An arcadey take on Shovel Knight that lives up to its origins.
Long ago, I remember being blown away by how different the arcade version of Ninja Gaiden, Strider, or even Teenage Mutant Ninja Turtles was from the home console version. Seeing big chunky sprites roam the quarter-munching levels of Ninja Gaiden was a far cry from the cinematic-heavy presentation of Ninja Gaiden on Nintendo. That disparity came to mind when playing through the latest Shovel Knight game, Shovel Knight Dig. It feels like the arcade version of the original 2014 Yacht Club Games classic, taking the comparatively smaller 8-bit-inspired visuals of Shovel Knight and fitting them with more descriptive pixel art that feels similar in basic controls and gameplay but far different in execution and structure. In a way, Shovel Knight Dig (made with help from Bomb Chicken developer Nitrome) feels like the wholly different Genesis version of Shovel Knight’s Super Nintendo game.
At its heart, Shovel Knight Dig’s gameplay loop is most similar to the modern roguelike, where the levels are procedurally generated and you start more or less at square one whenever you die. As per the modern side of this, you do unlock a deeper roster of tools and boosts as well as shortcuts to later levels. An overworld exists where you can interact with characters to purchase those tools and boosts as well as participate in daily and weekly runs. The base difficulty is challenging but fair, though if you’re having specific trouble, a laundry list of difficulty tweaks are accessible, letting you increase your base health, slow down the game, or add more attack power. It’s a friendly game even if it’ll likely kick your teeth in sometimes in its intended format.
Dig calls to mind the likes of Downwell and Spelunky in its style, especially as you dive deeper into vertically focused caverns and uncover the oodles of secrets. Shovel Knight’s abilities are familiar, but it’s a little looser here than in the original game. You’re always cascading down through areas, making the downward thrust of the shovel that bounces off of obstacles an even more core part of the experience. Depending on how long you last, runs can last anywhere from a few minutes to upwards of an hour as you go through multiple areas, all filled with their unique enemies and obstacles. It lands the right balance for a repetitive roguelike where there is enough variety to keep you on your toes, but also enough similarities from run to run to make you feel like you’re learning the nuances of the world and making progress through your own understanding of the traps out to get you.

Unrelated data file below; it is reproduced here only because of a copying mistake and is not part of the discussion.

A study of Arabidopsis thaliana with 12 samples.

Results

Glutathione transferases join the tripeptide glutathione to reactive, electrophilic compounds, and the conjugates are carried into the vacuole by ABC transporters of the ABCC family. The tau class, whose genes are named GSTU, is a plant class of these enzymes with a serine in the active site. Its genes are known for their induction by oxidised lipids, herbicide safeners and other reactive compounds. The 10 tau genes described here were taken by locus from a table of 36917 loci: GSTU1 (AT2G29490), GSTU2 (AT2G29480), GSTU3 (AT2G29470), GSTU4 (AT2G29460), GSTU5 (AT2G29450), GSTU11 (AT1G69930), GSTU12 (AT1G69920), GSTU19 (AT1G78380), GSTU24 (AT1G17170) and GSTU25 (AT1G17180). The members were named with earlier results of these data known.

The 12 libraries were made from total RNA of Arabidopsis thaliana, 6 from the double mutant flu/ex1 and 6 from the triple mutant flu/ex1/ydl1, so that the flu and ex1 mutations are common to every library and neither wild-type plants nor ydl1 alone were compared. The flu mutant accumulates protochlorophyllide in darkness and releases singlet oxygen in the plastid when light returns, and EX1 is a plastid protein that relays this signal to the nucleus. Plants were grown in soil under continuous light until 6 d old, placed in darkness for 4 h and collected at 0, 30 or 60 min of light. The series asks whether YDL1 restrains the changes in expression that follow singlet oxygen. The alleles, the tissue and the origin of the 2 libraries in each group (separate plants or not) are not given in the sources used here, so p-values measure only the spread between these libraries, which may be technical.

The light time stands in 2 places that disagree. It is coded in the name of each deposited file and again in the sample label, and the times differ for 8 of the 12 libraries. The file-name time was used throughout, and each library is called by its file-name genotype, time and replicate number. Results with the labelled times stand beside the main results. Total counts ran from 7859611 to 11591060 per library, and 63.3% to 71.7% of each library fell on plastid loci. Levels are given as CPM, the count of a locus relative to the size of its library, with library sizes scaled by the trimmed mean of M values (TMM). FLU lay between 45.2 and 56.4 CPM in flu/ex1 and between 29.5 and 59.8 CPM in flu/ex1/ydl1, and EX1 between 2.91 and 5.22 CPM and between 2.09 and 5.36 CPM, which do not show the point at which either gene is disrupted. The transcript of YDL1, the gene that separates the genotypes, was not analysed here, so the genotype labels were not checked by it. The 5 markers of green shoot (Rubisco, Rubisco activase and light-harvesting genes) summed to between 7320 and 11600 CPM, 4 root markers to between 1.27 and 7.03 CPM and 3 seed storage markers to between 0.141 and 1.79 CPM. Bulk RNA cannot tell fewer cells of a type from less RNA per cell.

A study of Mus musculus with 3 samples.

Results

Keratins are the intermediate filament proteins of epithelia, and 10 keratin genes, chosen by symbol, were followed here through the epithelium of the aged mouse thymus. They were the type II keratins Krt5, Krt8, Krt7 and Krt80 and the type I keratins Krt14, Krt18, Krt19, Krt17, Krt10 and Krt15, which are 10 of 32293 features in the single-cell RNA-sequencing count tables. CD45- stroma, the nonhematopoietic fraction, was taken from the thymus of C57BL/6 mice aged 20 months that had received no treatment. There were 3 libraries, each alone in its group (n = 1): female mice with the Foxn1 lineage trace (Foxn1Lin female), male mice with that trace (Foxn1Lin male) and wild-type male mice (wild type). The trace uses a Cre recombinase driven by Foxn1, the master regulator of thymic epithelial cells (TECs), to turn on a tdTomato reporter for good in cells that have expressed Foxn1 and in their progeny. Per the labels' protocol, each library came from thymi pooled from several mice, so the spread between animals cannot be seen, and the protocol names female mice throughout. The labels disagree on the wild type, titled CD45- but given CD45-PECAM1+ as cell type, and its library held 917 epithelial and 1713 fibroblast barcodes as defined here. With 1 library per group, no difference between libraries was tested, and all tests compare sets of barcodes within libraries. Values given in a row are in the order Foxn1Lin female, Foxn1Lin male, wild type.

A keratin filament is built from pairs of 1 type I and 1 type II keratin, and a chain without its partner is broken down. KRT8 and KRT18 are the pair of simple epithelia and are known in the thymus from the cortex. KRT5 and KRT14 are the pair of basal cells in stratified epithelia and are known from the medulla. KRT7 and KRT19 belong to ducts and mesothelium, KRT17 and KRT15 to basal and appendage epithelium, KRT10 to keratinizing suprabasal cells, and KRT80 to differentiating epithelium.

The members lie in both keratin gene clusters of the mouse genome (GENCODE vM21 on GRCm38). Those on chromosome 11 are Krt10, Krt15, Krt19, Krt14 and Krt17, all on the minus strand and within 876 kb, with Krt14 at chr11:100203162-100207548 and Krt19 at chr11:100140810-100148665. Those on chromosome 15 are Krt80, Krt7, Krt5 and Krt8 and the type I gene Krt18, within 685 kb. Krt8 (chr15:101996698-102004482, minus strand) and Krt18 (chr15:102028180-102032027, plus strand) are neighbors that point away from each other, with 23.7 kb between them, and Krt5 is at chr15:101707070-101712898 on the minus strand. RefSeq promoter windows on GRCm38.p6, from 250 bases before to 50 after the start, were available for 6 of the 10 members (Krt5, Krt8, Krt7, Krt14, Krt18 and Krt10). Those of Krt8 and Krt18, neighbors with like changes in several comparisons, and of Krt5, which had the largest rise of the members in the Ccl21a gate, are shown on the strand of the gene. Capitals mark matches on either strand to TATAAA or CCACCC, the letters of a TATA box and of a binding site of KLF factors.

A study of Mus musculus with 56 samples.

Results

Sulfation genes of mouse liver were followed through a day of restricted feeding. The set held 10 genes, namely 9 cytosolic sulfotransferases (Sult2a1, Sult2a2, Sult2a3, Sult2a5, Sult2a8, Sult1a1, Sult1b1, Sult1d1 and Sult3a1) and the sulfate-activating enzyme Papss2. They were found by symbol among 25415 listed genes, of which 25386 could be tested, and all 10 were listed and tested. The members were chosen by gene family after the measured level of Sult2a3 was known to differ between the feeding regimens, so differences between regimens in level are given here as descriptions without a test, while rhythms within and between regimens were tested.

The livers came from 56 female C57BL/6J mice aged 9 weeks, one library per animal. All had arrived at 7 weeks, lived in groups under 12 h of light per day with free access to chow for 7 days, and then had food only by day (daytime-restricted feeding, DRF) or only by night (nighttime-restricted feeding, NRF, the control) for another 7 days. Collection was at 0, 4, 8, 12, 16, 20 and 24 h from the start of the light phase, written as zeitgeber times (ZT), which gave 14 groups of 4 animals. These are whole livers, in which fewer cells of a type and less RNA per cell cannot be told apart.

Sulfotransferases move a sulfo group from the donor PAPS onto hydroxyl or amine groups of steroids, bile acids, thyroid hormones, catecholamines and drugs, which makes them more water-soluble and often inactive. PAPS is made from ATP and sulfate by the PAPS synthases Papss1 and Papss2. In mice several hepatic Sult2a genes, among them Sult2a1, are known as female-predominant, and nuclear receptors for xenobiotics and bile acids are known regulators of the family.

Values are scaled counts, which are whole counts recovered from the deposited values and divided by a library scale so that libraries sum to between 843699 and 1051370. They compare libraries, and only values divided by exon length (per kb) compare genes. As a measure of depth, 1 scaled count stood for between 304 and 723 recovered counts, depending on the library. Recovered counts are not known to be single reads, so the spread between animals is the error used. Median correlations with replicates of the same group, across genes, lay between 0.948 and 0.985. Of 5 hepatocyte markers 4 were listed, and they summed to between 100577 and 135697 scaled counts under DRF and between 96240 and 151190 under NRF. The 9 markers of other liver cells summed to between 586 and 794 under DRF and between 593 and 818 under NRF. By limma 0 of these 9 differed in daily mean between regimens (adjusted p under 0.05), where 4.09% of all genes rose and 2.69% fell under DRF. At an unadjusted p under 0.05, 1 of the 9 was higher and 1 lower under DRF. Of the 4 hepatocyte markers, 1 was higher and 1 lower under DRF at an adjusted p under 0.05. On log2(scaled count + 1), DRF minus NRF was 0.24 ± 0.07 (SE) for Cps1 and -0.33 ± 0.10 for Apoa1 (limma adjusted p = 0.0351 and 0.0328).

The first area you traverse through is a mushroom-themed set of caves where there are slimes and spores abound. The baseline minions that appear are relatively small potatoes, but sometimes you’ll come across a more challenging blockade in a level, whether its drill spikes that cross the screen horizontally forcing you to keep moving or burrowing snakes that can eat you or the precious gems you’re trying to collect. Each area you go through generally consists of three levels and then a boss fight. When you reach the end of a level, you have the choice between going down two different holes to determine your next challenge. One might look decidedly easier, or what might face a difficult challenge but hold a greater reward. Sometimes, if you have a key item with you, you can unlock a path that has a reward with less of a risk. It’s these constant choices that made the loop stay fresh for me over extended plays. Sometimes I’d want to survive as long as I could while not accruing as many abilities and boosts and other times I’d feel frisky, wanting to take on the harder challenges to try to get a greater roster of rewards.
After the first area, you might have the choice to pick between two different areas, which introduce more unique challenges. The fire area features explosions and fireballs, requiring you to be more aware of getting lit up. The water area, which evoked the water levels of Genesis Sonic games in the best way possible, has this endearing mechanic where you could create waterfalls and rivers that cause enemies and treasure to flow through the level in interesting ways. It’s an incredible way to mess around with the world around you, even if it becomes increasingly risky when electric frogs start making all of the water dangerous.
Your path gets more daunting as you reach the later areas, but that sense of playful challenge continues throughout the whole game. Finding a new area (or one of the game’s many secret rooms) is thrilling even if every trip to a new area has resulted in my hero’s swift death. Figuring out how to best maneuver through a level to collect gems and items while avoiding damage and death is enjoyable even in repetition. Shovel Knight Dig sticks the landing for one of the most paramount aspects of roguelikes.
This feels like a different flavor of Shovel Knight, but thankfully it never feels off-brand. Dig is not a sequel, but even calling it a spin-off doesn’t feel totally right. This is just the 2D side-scrolling adventures of Shovel Knight’s origins displayed through a different vertical lens with a dash of arcade roguelike design tossed in. Through it all, the bountiful creativity that Yacht Club has made their staple is everywhere throughout the experience.